Why Borg At Work, Not Home?
We have a love-hate relation with the division of labor. On the one hand, we treasure our individuality and autonomy; we often do things differently just to show that we can. On the other hand, we know that the division of labor, with its regimentation and standardization, is what lets us be amazingly rich. But I wonder: why do we accept borg-like regimentation more at work than at home?
We produce both at home and on at work. At home we make meals, clean clothes, entertainment events, etc., while at work we make many other things, like pots, t-shirts, TVs, etc that are useful inputs into home production. Yet while scale economies are possible with both kinds of production, we are more reluctant to use scale economies in home production.
Most workplaces lower costs by regimenting and standardizing routines. Employees show up at standard times, wear standard uniforms, write formula memos by scheduled deadlines, and so on. Communities with limited budgets, like orphanages, military barracks, or school dorms, know that cheap ways to manage home life also involve a lot of centralization and standardization. For example, one can feed lots of folks cheaper if they will eat the same food at the same time, and clothe lots of folks cheaper if they will wear the same kind of clothing centrally cleaned.
Yes, the more we differ the less enamored we are of communal efficiencies, and the richer we are the more we can indulge such differences. We are willing to live in smaller homes, with food and clothing of lower quality ingredients, in order to eat our own different food wearing our own different clothes in our own different home.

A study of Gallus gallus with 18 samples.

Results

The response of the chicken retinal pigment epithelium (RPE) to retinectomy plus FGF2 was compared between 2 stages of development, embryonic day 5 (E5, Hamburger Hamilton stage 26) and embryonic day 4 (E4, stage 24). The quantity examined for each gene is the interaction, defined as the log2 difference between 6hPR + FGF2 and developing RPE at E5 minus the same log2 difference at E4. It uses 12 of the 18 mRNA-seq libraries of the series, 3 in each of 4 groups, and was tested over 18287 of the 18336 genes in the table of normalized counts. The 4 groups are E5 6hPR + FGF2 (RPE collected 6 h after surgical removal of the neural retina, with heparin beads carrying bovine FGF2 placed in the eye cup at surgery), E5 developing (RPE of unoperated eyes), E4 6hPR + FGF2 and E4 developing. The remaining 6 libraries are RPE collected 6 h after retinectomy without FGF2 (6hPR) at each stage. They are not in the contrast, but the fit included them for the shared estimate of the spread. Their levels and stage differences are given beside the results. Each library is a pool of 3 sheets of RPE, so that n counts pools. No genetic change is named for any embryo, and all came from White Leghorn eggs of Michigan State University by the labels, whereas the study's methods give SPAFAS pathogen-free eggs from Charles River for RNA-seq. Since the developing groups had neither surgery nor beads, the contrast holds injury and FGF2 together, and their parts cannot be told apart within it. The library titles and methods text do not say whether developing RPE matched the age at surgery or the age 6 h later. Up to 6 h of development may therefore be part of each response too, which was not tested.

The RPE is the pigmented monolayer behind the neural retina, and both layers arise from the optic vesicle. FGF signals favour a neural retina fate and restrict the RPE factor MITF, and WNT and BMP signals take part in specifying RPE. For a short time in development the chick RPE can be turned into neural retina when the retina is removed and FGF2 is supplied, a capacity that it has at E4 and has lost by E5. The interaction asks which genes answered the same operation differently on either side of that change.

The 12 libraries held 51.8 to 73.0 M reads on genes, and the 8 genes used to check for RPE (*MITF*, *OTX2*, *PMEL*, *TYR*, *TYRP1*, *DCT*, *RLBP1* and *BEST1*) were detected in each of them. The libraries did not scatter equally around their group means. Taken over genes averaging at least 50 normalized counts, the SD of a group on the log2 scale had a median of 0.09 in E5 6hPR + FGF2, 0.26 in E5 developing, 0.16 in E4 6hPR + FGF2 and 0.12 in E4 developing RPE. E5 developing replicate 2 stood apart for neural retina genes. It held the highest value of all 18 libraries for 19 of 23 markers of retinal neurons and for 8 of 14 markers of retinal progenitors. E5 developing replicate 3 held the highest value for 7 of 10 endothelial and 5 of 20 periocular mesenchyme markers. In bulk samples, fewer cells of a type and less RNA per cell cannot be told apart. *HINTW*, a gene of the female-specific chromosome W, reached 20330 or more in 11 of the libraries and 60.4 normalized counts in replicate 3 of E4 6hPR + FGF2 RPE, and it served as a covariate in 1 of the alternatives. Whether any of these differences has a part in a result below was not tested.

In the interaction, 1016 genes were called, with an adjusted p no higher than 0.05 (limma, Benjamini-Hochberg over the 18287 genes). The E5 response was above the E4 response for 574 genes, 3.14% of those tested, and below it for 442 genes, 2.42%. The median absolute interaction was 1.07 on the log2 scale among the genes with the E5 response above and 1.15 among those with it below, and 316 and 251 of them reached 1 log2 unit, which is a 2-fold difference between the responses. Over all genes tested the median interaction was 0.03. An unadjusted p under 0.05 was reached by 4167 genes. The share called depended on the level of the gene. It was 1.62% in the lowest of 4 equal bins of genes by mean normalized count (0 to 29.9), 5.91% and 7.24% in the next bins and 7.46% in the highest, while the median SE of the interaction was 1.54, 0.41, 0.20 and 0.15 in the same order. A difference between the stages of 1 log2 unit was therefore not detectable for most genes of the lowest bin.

But the same logic should apply at work as well. In trade for lower wages, employers should allow us more variation in work habits, forms, dress, hours, etc. And while we probably do see more of this with increasing wealth, it seems clear that we accept more regimentation in work production, relative to home production. Why?
If you’ve been reading this blog for a while you won’t be surprised to see me consider a signaling explanation. Here goes.
Movies and TV sitcoms focus overwhelmingly on non-work life. I suspect we see our work life as being less visible than non-work social life to the people we most care about impressing; the money we make from our work life, and the overall status of our job, seems more visible. Also, at home and at leisure, the uniqueness of our behavior seems no less visible than the quality of its ingredients.
So to a first approximation, what others mainly see about us is the status of our job type, the income we have to spend, and the distinctive ways we spend our money and non-work social time; they don’t see as much of our distinctive job habits. Thus we focus on signaling our autonomy, identity, taste, style etc. via non-work individuality, and at work focus more on money and job type status. We are willing to be borgs at work so that we can afford to be all the more distinctive divas at home.
Added: Rather than admit we borg at work to better signal, we’d rather blame it on evil “power hungry” work organizations and leaders. This may be a big part of why folks see for-profit work firms as evil, relative to non-profit leisure organizations like clubs, churches, families, etc. My wife works for a non-profit whose mission she celebrates, while still loathing the executives who run it.